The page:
Co-authored by Gemma Wooden
Environmental Recycling Technologies Plc v Upcycle Holdings Ltd  EWPCC 4 – 5 February 2013
This decision of the UK Patents County Court provides insight into the differences between UK and EPO practice. It demonstrates a possibly more lenient approach to amendments based solely on the drawings and confirms that omnibus claims are allowable in the UK, although their clarity was questioned.
In June 2010, the claimant (ERT) commenced invalidity proceedings against the defendant (Upcycle) in respect of UK Patent 2460838 entitled “Process for moulding plastic articles”. During the course of the proceedings the defendant applied to amend the patent so that it comprised a single independent claim 1 and a single omnibus claim 2.
Amended claim 1 was directed to a process. It generally corresponded to a combination of the features of claims 1, 2, 4, 5, 9 and 12 as granted. The claimant argued that this added matter over the application as filed because inter alia it defined use of a machine with a reinforcing structure but not an insulating jacket, whereas, they argued, use of such a machine with a reinforcing structure but without an insulating jacket was not disclosed in the application as filed. The defendant submitted that figure 4 of the patent showed a machine with reinforcing ribs and an insulating jacket which could be removed without changing the reinforcement structure. This was supported by evidence given at the trial by their expert witness.
The claimant also argued that amended claim 2 should be refused on discretionary grounds. The UK Patents Act 1977 states in s75(5) that: “in considering whether or not to allow an amendment…the court … shall have regard to any relevant principles under the European Patent Convention”. The claimant contended that, since the EPO only allows omnibus claims in exceptional circumstances and the defendant did not show any such circumstances, amended claim 2 should be refused as a matter of discretion.
HHJ Birss QC ruled in favour of the defendant and held the patent valid as amended.
Regarding claim 1, it was held that taking the application as filed as a whole and, in particular, keeping in mind what was disclosed by the drawings as supported by the expert evidence, the insulating jacket and reinforcement structure were both optional features which were independently disclosed. On that basis, a claim requiring the reinforcement structure but not the insulating jacket did not illegally add subject matter to the application.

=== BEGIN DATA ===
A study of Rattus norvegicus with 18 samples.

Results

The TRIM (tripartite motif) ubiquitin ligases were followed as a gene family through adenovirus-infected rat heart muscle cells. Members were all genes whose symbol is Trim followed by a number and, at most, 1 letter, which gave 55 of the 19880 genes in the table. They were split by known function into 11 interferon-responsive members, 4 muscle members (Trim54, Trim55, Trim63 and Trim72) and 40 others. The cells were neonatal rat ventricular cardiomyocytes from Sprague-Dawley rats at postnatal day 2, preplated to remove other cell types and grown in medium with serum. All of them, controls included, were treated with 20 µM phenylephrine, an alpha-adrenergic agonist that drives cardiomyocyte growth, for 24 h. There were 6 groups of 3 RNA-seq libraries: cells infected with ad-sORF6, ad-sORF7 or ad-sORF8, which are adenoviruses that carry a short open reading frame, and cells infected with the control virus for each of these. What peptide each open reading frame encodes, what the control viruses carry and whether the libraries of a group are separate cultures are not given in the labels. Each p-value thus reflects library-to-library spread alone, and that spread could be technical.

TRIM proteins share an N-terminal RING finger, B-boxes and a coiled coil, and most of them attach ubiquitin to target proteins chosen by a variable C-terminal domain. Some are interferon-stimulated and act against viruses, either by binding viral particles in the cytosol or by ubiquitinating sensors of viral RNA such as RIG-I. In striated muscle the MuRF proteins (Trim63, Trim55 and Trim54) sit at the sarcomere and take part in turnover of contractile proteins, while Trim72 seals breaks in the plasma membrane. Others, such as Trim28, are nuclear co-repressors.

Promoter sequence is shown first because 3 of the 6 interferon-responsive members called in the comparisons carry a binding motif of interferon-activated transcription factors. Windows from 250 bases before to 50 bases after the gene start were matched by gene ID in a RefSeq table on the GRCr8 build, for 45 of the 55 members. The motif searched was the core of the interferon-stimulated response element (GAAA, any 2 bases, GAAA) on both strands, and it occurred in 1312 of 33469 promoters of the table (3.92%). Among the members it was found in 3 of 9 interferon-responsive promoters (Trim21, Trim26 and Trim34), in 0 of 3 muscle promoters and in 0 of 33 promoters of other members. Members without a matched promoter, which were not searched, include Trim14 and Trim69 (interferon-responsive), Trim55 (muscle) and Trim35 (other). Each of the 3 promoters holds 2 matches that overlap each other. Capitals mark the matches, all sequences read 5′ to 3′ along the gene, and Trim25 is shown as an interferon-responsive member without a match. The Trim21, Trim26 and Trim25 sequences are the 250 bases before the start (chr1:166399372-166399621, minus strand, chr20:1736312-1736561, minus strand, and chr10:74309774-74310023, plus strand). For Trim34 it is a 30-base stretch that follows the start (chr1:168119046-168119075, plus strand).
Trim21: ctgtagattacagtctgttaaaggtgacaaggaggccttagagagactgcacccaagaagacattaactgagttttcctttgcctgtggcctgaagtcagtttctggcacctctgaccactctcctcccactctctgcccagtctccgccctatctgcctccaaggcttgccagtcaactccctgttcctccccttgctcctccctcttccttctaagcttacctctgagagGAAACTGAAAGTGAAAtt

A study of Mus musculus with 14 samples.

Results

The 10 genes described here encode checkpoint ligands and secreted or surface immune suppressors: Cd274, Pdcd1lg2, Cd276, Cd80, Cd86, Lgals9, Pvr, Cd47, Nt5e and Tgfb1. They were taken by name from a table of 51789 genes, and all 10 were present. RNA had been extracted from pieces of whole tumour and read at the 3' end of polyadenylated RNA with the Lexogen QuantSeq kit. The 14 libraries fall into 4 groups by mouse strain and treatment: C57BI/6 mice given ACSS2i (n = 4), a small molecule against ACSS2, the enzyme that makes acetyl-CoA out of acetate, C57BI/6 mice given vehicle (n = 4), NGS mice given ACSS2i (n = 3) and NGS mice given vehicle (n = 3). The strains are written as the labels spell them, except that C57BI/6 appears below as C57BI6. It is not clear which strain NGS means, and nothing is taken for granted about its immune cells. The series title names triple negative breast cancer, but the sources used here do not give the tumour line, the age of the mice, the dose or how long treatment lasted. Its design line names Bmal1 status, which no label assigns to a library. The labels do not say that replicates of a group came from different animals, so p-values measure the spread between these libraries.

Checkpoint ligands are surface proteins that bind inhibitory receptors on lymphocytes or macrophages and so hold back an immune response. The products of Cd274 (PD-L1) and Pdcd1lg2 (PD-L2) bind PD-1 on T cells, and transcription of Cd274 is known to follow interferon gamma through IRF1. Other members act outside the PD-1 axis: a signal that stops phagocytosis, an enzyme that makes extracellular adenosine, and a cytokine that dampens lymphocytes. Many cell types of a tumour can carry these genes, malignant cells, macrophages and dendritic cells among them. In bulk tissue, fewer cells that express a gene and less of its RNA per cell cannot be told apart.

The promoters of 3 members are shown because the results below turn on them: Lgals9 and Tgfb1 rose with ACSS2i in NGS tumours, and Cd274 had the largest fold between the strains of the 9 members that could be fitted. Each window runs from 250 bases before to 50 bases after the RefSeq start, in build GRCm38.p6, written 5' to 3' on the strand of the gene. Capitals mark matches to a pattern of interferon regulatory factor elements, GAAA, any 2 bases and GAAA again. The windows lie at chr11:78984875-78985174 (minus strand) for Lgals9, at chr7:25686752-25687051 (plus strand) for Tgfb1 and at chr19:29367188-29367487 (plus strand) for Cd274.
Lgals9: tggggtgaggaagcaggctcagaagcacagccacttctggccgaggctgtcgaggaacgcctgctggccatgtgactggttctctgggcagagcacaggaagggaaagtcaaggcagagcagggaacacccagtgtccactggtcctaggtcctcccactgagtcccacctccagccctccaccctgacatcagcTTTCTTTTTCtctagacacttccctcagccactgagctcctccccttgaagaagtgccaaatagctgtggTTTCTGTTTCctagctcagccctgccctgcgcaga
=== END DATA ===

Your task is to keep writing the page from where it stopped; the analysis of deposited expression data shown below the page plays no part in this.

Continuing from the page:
Regarding claim 2, it could not be refused on discretionary grounds because the claim was in the patent as granted; it was only renumbered and not amended of itself in the amendments that were being sought. HHJ Birss QC did comment obiter that: “the UK IPO might like to consider whether omnibus claims serve any useful purpose today save in exceptional circumstances. I question whether they can really be said to satisfy the requirement of clarity”.
This case shows the importance attributed to expert evidence in the UK courts. It is interesting to note that the expert witness mentioned that Figure 4 was difficult to understand. Nevertheless, his interpretation of the drawing was not challenged and no doubt assisted the patentee-defendant’s case.
This case also demonstrates differences between UK and EPO practice with respect to omnibus claims given that, as a practical matter, omnibus claims are practically never permitted in the EPO.
As to the obiter comment that the UK IPO “might like to consider whether omnibus claims serve any useful purpose today save in exceptional circumstances”, this seems to ignore a number of British patent cases where omnibus claims were the only claims held to be infringed, and indeed were the only claims to be valid and infringed in some cases.